It would be “wiser…not to keep open the sores of war,” said the former Confederate general Robert E. Lee in 1869, “but to follow the examples of those nations who endeavored to obliterate the marks of civil strife, to commit to oblivion the feelings engendered.” Lee wrote those remarks as he rejected an invitation to enshrine Confederate memorials for fallen soldiers.
In the decades following Lee’s death in 1870, many such monuments would come to be, and many would bear his likeness. But the erstwhile general may finally be getting his wish. In the wake of protests across the country, set in motion after a Minneapolis cop killed George Floyd, an unarmed black man, numerous communities have seen a reinvigorated push to remove local homages to Confederate soldiers—the likes of which amount to little more than grand participation trophies that celebrate the most racially fraught time in U.S. history.
There’s a rich irony to the fact that Lee, who recognized the ill-conceived nature of the idea, would become the unwitting mascot for those who support those memorials. After all, statues of the general himself are not few and far between. They have become the quintessential lightning rod in the debate, famously drawing the attention of the white supremacists who marched on Charlottesville, Virginia, in August 2017, as they protested the removal of his statue.
So it should come as little surprise that monuments of Lee are often a target of demonstrators and city councils alike. Fort Myers, Florida, announced today it will remove a bust of the general. Protesters in Montgomery, Alabama, toppled a statue of Lee, while other protesters in Richmond, Virginia, defaced a similar memorial that sits on the town’s “Monument Avenue.”
Protests weren’t limited to Lee, however. Over in Nashville, Tennessee, demonstrators upended a statue of Edward Carmack, a newspaper publisher and early-1900s state lawmaker who called for the firebombing of the civil rights activist and journalist Ida B. Wells. His monument stood in front of the Tennessee State Capitol, an odd place for someone whose racist ideology did not withstand the test of time.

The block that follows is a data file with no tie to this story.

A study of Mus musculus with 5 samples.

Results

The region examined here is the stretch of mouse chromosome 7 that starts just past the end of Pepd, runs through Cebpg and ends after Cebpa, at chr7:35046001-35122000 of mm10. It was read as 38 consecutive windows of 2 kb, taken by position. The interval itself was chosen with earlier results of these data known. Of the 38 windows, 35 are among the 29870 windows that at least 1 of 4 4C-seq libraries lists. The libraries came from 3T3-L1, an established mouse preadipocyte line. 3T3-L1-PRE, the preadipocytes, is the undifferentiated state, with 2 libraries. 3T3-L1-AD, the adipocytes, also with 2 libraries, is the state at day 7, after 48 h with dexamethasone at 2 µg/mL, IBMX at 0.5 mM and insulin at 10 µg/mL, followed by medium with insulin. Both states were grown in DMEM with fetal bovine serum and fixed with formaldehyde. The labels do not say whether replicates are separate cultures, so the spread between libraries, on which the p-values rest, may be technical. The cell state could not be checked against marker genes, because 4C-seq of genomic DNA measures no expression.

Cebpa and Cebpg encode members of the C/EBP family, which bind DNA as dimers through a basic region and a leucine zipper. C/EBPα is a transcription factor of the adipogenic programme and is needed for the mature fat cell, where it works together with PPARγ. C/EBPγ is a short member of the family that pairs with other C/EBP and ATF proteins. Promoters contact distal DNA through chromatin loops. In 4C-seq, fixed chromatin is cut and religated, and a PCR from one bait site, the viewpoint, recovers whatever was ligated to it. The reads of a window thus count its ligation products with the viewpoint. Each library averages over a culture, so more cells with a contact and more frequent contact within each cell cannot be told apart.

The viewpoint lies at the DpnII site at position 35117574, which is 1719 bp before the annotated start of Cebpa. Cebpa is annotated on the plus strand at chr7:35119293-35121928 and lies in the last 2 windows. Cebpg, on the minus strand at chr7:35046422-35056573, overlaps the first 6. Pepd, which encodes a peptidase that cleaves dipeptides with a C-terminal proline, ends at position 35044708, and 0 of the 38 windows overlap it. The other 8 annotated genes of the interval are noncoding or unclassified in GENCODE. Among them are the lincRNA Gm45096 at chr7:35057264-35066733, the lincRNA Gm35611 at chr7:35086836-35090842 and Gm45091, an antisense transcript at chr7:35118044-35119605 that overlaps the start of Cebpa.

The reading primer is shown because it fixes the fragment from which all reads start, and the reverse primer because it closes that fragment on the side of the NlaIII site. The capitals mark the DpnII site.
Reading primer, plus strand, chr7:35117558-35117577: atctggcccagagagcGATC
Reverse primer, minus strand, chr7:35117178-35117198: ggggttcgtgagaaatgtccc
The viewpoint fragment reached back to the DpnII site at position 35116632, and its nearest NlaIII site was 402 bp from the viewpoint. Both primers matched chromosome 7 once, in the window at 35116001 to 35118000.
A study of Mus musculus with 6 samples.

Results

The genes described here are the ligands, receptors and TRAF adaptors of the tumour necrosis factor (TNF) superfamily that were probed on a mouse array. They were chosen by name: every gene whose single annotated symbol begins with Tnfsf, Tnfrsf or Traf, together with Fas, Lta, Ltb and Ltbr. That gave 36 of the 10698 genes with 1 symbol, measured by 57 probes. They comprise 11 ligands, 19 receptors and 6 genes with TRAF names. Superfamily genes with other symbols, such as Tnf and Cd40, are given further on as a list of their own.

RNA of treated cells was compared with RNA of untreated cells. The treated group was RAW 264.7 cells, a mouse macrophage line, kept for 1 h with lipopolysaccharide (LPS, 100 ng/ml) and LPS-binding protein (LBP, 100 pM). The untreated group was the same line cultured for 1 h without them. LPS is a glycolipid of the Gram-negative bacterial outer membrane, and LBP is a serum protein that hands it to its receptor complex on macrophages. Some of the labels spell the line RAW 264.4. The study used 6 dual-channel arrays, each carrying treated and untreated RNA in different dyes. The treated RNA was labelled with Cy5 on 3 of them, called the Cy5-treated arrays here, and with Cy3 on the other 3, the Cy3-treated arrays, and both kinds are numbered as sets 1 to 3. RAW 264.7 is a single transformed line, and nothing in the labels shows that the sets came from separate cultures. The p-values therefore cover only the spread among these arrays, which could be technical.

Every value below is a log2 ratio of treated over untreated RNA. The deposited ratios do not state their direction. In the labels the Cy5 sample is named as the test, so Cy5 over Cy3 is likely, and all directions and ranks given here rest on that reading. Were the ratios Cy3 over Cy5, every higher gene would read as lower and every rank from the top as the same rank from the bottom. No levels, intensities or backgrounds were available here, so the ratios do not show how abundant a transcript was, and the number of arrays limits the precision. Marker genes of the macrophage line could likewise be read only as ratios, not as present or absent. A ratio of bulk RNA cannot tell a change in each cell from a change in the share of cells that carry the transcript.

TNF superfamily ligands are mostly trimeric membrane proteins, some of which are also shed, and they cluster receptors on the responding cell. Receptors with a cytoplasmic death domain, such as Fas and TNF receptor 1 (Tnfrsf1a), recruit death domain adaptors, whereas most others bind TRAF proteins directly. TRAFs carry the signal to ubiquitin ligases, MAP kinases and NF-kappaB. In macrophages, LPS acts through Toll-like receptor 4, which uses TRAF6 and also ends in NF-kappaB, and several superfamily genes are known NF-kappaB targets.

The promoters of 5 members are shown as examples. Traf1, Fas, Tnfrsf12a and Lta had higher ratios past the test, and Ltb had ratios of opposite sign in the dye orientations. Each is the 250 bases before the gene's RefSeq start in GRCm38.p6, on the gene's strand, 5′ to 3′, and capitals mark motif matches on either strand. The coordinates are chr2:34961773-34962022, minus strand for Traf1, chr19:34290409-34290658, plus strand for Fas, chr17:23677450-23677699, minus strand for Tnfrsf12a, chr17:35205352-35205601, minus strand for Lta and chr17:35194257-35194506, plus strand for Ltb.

Supporters of Confederate monuments often argue that the stone exaltations preserve heritage. Memorials inherently celebrate a particular time and place—it’s right there in the name. But what good does it do if the heritage preserved and celebrated is an inherently racist one?
The bulk of these Confederate memorials were erected between 1900-1930, long after the Civil War’s conclusion. Behind their enshrinement was the very same racial animus that the country is currently attempting to grapple with. The 1924 reception for Lee’s statue provides an adequate anecdote. As I’ve written previously:
Over in Charlottesville, the Ku Klux Klan commemorated the May 21 unveiling of Lee’s statue with a public cross burning on May 16 and a two-hour parade on May 18 attended by “thousands,” according to archives from The Daily Progress, the Charlottesville newspaper that’s been publishing since 1892. The throngs of people “equaled those usually seen here to witness the parade of the large circuses,” the paper wrote. “The march of the white-robed figures was impressive, and directed attention to the presence of the organization in the community.”
That wasn’t the exception but rather the rule. In Chapel Hill, North Carolina, the industrialist Julian Carr introduced the now-toppled Silent Sam statue in 1913 with a speech on the merits of preserving white supremacy. “One hundred yards from where we stand,” he noted, “less than 90 days perhaps after my return from Appomattox, I horse-whipped a negro wench, until her skirts hung in shreds.” New Orleans’ 1911 celebration of the monument of Confederate President Jefferson Davis—a fierce defender of slavery—had a Stars and Bars formation singing “Dixie” at a ‘Whites Only’ ceremony. The list goes on.
I don’t doubt that those invocations of heritage are genuine. But that heritage incontrovertibly hinges on a legacy of slavery and racial terrorism, whether some like to admit it or not. Those who fought for the Confederacy should never be forgotten—but put them in a museum, keep them in the history books, and so on. Don’t give them a reception fit only for history’s best heroes.
The collective unwillingness to confront that history may be coming to an end. Birmingham, Alabama, directed the removal of the Confederate Soldiers and Sailors monument Monday night, coinciding with Jefferson Davis’s birthday, which remains a state holiday. Alexandria, Virginia, similarly removed its Confederate monument Tuesday morning. It had not been defaced.
Vandalizing property and setting fire to buildings must certainly be condemned, no matter the protesters nor the topic at hand. But at such a pivotal moment, Confederate-monument defenders now have the perfect chance to, at the very least, empathize with the protesters’ arguments. After all, conservatives rightly decry participation trophies. Why keep up the biggest ones in history?